I'm a Wall
Hello,I've been married to my wife for almost a year and we keep having the same issue I am in able to communicate with her when we are in a argument. I never am able to tell her what I feel, I lock up and get stuck going in circles in my head. I'm not sure what to do? I feel bad that I do this and want to change and I try but one way or another we end up right back where we started.
Explain to her that you're crap at arguing under fire which means you say the wrong thing in the wrong way, etc., which just makes things unnecessarily harder and drawn-out for both of you, and in future want to try arguing by email instead (separate rooms) THE MINUTE one of you starts to feel upset or can tell the other's getting upset. Then, once you've both finished corresponding, you can have a calm, sit-down debrief. Tip: when you do, hold and stroke hands (all four), sitting not quite facing each other (sofa is best) and DON'T let go, not even for a second - even if one of you hears something that seems affronting or unacceptable. It's like trying to cry when you're eating - very difficult.
But why are you so scared of arguments? What do you think's going to happen?
Im not even sure whats going to happen. I get caught up thinking that what I feel won't be conveyed or will get turned around. Its like when were in an argumentwhen she is talking( doesn't have to necessarily be yelling) I get this pit in my stomach and it feels like I can't speak or breathe. I've tried explaining to her how I feel but I can't make her understand she's naturally social and I'm more introverted. We have tried the messages back and forth, she doesn't like it but we haven't tried the debrief with it.
The debrief is the most important part. If something is upsetting either one of you, you need to talk calmly about it. My hubby and I learned how to argue by talking about our arguments and why we reacted like we did. It may be that if you're mad you need to separate from each other for 5 minutes just to work out what exactly is upsetting you. I also recommend you both agree to never use words like never for always example: "you never do this, you're always doing that". These often feel unfair and you miss the point being made because it puts you on the defensive. Definitely talk to her when you're not cross at each other and I feel physical touch is important too, hugging someone while you're discussing the feeling that created the upset is very helpful. And let's face it, most arguments come from someone feeling negative because of something their partner is or isn't doing.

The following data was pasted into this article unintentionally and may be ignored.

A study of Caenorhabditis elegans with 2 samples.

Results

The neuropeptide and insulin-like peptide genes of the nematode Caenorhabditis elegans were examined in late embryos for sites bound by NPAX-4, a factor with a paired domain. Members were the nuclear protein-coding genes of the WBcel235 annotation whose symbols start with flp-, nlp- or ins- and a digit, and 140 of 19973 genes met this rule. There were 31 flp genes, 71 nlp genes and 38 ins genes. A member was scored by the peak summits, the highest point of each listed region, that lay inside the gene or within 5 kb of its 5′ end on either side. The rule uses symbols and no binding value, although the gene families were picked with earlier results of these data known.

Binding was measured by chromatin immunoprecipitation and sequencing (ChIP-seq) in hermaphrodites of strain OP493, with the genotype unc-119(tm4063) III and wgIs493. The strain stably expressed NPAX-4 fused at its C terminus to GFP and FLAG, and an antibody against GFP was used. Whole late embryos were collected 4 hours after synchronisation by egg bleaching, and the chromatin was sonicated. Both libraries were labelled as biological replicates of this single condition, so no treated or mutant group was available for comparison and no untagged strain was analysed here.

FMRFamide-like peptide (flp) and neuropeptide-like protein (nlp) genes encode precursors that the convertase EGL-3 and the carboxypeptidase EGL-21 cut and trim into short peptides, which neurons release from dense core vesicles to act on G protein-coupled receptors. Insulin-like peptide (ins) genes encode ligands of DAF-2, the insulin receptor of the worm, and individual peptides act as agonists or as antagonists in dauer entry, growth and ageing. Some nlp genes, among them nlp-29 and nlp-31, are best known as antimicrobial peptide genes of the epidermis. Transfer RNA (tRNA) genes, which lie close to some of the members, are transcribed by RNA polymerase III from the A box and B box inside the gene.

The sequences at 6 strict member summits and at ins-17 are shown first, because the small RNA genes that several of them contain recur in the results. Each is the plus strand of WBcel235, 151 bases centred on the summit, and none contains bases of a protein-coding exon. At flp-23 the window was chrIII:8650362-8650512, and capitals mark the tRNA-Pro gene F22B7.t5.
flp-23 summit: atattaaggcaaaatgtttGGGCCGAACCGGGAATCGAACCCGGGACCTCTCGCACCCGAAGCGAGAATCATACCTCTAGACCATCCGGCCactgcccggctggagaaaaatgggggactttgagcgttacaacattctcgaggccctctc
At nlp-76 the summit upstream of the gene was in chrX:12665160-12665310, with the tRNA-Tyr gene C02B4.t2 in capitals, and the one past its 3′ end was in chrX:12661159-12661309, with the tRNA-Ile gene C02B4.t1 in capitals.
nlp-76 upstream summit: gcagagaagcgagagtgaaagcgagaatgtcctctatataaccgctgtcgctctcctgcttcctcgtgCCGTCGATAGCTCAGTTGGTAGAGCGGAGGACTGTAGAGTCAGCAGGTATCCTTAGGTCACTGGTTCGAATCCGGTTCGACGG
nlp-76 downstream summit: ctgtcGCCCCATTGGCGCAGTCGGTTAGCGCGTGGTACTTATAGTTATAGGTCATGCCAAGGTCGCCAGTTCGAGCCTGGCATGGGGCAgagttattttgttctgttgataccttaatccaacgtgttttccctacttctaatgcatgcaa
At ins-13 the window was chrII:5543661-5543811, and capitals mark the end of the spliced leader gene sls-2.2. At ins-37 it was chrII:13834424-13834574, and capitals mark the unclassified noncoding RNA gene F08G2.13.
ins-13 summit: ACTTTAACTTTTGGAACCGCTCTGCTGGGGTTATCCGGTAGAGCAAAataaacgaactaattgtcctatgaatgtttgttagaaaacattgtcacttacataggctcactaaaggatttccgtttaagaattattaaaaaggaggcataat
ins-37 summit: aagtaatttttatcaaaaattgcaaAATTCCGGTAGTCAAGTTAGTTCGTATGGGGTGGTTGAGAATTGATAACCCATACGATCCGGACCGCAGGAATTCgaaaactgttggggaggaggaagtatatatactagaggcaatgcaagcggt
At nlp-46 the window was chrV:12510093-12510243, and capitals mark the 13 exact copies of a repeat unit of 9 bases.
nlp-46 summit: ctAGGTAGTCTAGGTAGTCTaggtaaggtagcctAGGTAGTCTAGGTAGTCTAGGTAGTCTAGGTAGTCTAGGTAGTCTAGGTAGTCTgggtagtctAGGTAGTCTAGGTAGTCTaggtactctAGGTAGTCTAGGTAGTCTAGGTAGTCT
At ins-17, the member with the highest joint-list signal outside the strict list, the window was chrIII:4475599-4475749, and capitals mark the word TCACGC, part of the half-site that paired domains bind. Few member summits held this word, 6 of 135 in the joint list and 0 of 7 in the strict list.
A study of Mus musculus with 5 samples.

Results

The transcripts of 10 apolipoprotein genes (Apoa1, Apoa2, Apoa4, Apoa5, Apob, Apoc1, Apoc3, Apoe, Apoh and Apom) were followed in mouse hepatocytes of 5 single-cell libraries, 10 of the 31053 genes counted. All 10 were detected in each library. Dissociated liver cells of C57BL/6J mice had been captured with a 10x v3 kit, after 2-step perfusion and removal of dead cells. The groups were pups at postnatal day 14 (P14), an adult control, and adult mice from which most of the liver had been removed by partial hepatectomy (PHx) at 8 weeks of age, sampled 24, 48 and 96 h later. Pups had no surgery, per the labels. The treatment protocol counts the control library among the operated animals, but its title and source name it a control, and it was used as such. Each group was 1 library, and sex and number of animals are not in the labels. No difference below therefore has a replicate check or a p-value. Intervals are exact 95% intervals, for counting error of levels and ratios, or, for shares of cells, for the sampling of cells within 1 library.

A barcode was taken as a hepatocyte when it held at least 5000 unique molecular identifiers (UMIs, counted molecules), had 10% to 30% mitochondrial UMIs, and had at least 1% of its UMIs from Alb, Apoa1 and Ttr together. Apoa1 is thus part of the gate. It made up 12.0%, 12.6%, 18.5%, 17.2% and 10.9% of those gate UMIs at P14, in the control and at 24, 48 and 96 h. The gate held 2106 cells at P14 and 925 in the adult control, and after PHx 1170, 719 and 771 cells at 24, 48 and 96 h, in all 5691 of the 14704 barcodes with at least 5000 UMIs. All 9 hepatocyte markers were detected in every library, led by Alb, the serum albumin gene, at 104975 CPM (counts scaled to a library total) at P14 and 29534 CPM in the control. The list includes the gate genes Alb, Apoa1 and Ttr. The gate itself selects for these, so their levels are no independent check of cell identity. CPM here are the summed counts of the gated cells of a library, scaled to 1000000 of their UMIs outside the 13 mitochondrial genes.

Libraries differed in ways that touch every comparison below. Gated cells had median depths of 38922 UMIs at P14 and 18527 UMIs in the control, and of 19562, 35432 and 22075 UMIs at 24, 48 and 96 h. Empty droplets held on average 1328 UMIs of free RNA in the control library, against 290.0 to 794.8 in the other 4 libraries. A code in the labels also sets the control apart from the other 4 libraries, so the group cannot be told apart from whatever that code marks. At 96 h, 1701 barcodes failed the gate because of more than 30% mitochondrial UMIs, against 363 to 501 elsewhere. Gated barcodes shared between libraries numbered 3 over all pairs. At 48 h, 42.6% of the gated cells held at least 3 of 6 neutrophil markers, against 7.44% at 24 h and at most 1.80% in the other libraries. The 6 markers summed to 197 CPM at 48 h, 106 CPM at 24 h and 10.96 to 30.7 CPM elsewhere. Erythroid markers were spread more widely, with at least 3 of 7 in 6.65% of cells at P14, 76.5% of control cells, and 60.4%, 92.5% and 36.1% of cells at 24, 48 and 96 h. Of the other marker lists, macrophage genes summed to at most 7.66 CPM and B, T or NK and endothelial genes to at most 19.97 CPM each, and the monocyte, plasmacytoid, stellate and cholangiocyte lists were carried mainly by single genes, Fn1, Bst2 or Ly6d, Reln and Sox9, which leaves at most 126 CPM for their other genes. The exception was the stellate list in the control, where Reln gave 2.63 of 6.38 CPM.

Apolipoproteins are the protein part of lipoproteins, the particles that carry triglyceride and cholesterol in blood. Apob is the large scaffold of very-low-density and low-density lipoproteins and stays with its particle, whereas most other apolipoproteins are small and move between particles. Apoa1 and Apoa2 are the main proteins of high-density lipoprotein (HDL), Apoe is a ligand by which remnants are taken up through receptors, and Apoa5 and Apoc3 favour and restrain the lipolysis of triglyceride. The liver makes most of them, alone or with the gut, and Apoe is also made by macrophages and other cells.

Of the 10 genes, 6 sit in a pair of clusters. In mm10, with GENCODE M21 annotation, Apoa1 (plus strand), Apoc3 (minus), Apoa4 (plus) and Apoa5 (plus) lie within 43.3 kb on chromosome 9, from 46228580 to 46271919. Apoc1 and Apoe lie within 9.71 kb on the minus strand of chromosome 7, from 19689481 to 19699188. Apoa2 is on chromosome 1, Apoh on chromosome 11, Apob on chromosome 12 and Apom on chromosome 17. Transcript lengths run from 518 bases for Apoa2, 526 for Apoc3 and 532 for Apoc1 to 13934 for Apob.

Okay, then, tell her in an email (now) how you feel whenever you two are about to argue, and propose messaging again followed by in-person debrief. These are your arguments, too, so you do get a say about what medium they're conducted over. So if she doesn't have a problem with typing generally, but you have a problem with verbal confrontations when it's her specifically, it's fair that the playing field should be level on both sides. You could then yell "email time!" as your codeword whenever a conversation starts to feel ominous.
Bear in mind, though, to take care not to be too brief and succinct in your mails. It annoys women when they rattle off 10 lines and the bloke comes back with just the one.
In fact, pretty much everything annoys women, actually (LOL, joke! - no rotten tomatoes, please!)
I think your trouble is, seeing any argument as your one and only chance to say how you feel or what you've decided, whereas it's not.
Violette has a good point re not using never/always. It should be "I feel like you don't blah when I blah". Far easier said than done at the time, though. But this is where email can be a good thing (particularly if you use emoticons to clarify anything that could even remotely come over as potentially iffy-sounding) because it slows everything down, gives you both time to think and be more tactful and diplomatic than you might otherwise be in person.
Another possibility is over your mobiles (again, separate rooms...obviously, duh!).
Alternatively, because my husband is apt to panic, same as you, I prefer to broach difficult topics right after sex during our post coital ciggies or choccie fest. In fact, thinking about it, so does he tend to initiate talks more at this time lately (he's obviously cottoned on).
Those female Cold War Russian spies knew a thing or two, eh.
(Hormones, eh? Can't live with 'em, can't shoot 'em.)